From the Rector
I’ve written before about the origins of Thanksgiving, but they are always worth remembering. Although the popular lore involves pilgrims and Native Americans sharing a harvest feast at Plymouth, it is actually the result of the relentless will of a woman named Sarah Josepha Hale, who for nearly four decades in the middle of the 19th century waged a campaign to establish a day of thanksgiving in the nation. She wrote legislators, governors, and four different presidents, all to no avail. Finally, her plea for the nation to pause for a day of thanks came to Abraham Lincoln, who on October 3, 1863 declared a Day of Thanksgiving.
Lincoln’s proclamation came in the very depths of the Civil War, when the great spasm of national hostility and bloodshed was still raging. Nevertheless, he entreated everyone to give thanks to God for a variety of individual and national blessings and asked that all people, even as they gave thanks, would pray for all the victims of the war (orphans, widows, and injured) and that God would “heal the wounds of the nation.” President Lincoln and Sarah Josepha Hale both understood how gratitude can be like holy balm for the wounded soul and can lift our hearts to God even in the most difficult times.
Benedictine monk David Steindl-Rast has written, “It is not happiness that makes us grateful. It is gratefulness that makes us happy. Every moment is a gift. There is no certainty that you will have another moment, with all the opportunity it contains…When you are grateful, you are not fearful, and when you are not fearful, you are not violent. When you are grateful, you act out of a sense of enough and not out of a sense of scarcity, and you are willing to share…Grateful people are joyful people. A grateful world is a happy world.” (as quoted in The Book of Joy, 246)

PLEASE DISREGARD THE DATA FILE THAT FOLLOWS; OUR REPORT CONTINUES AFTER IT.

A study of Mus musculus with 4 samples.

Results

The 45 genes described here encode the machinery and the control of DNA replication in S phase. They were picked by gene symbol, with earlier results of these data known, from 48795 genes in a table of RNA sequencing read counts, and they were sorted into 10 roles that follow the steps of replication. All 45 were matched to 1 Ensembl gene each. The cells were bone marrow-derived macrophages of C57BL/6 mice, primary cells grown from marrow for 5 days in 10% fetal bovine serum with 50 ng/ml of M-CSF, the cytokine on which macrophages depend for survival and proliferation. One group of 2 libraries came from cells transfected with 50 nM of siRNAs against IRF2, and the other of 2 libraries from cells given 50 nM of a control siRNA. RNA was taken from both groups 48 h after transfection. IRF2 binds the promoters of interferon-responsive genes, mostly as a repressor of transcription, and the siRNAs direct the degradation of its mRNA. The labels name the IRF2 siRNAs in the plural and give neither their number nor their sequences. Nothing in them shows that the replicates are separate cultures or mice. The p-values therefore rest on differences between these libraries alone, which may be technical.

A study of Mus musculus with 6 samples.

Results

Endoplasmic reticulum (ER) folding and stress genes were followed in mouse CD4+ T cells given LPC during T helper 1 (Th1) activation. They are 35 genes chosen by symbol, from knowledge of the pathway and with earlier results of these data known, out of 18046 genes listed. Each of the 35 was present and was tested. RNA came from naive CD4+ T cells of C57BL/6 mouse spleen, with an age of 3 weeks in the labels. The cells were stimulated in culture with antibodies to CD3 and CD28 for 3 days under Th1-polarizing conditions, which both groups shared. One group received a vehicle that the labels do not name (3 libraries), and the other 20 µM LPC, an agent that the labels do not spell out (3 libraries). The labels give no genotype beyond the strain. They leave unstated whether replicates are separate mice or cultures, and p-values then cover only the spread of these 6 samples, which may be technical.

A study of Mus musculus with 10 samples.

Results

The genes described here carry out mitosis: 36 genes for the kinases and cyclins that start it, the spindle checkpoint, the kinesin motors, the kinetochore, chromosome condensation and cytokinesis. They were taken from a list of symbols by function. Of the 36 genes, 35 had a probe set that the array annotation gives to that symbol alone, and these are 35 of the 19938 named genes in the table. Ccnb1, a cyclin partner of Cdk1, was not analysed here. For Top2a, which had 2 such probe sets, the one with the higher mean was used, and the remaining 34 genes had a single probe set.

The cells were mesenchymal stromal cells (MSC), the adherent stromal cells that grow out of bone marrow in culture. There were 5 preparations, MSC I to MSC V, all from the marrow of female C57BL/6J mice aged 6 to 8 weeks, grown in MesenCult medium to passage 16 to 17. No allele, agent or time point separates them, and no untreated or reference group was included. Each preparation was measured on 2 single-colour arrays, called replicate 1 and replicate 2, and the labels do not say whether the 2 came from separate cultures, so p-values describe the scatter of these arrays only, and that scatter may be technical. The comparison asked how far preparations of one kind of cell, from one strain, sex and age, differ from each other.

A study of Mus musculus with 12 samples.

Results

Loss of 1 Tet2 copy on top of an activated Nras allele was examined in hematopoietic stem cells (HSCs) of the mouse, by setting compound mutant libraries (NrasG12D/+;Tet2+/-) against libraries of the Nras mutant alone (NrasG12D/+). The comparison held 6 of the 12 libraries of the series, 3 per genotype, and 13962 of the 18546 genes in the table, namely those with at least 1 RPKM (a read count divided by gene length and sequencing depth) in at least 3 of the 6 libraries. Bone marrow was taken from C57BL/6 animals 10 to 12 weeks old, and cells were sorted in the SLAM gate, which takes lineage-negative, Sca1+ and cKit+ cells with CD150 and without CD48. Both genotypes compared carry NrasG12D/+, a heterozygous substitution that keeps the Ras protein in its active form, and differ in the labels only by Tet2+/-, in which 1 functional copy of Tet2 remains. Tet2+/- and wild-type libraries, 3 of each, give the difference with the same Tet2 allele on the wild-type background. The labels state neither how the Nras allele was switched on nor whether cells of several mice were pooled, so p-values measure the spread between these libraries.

In our own age of deep division, when psychologists tell us our society is more anxious than any time in recorded history, we need Thanksgiving as much as ever. I’ve heard gratitude referred to as “spiritual angioplasty,” because it unclogs our hardened hearts. The act of stopping to give thanks for all we have – for people we love, for good things we enjoy, for the beauty of Creation – has remarkable potency to heal and renew us. It’s akin to a nationally declared Sabbath, and God commands us to pause, rest, and give thanks, not because God gets something out of it, but because we do. Our hearts are warmed and our souls are deepened. Our circumstances lose their grip in determining our mood and behavior, and instead, we find a wellspring of joy and happiness that transcends our momentary reality.
This week, besides eating a big meal, I implore you to take time to ponder all for which you are thankful. Reflect slowly and patiently on your life, and pray with gratitude to the God who loves you and has blessed you. If you’re looking for words to guide this exercise, I recommend the Litany of Thanksgiving on page 837 of The Book of Common Prayer. It’s a simple start, and I hope you will not hurry through it, as the longer we focus our hearts on giving thanks, and the more we open our spirits to gratitude, just as Mrs. Hale knew 150 years ago, the sooner God will breathe healing and hope into souls.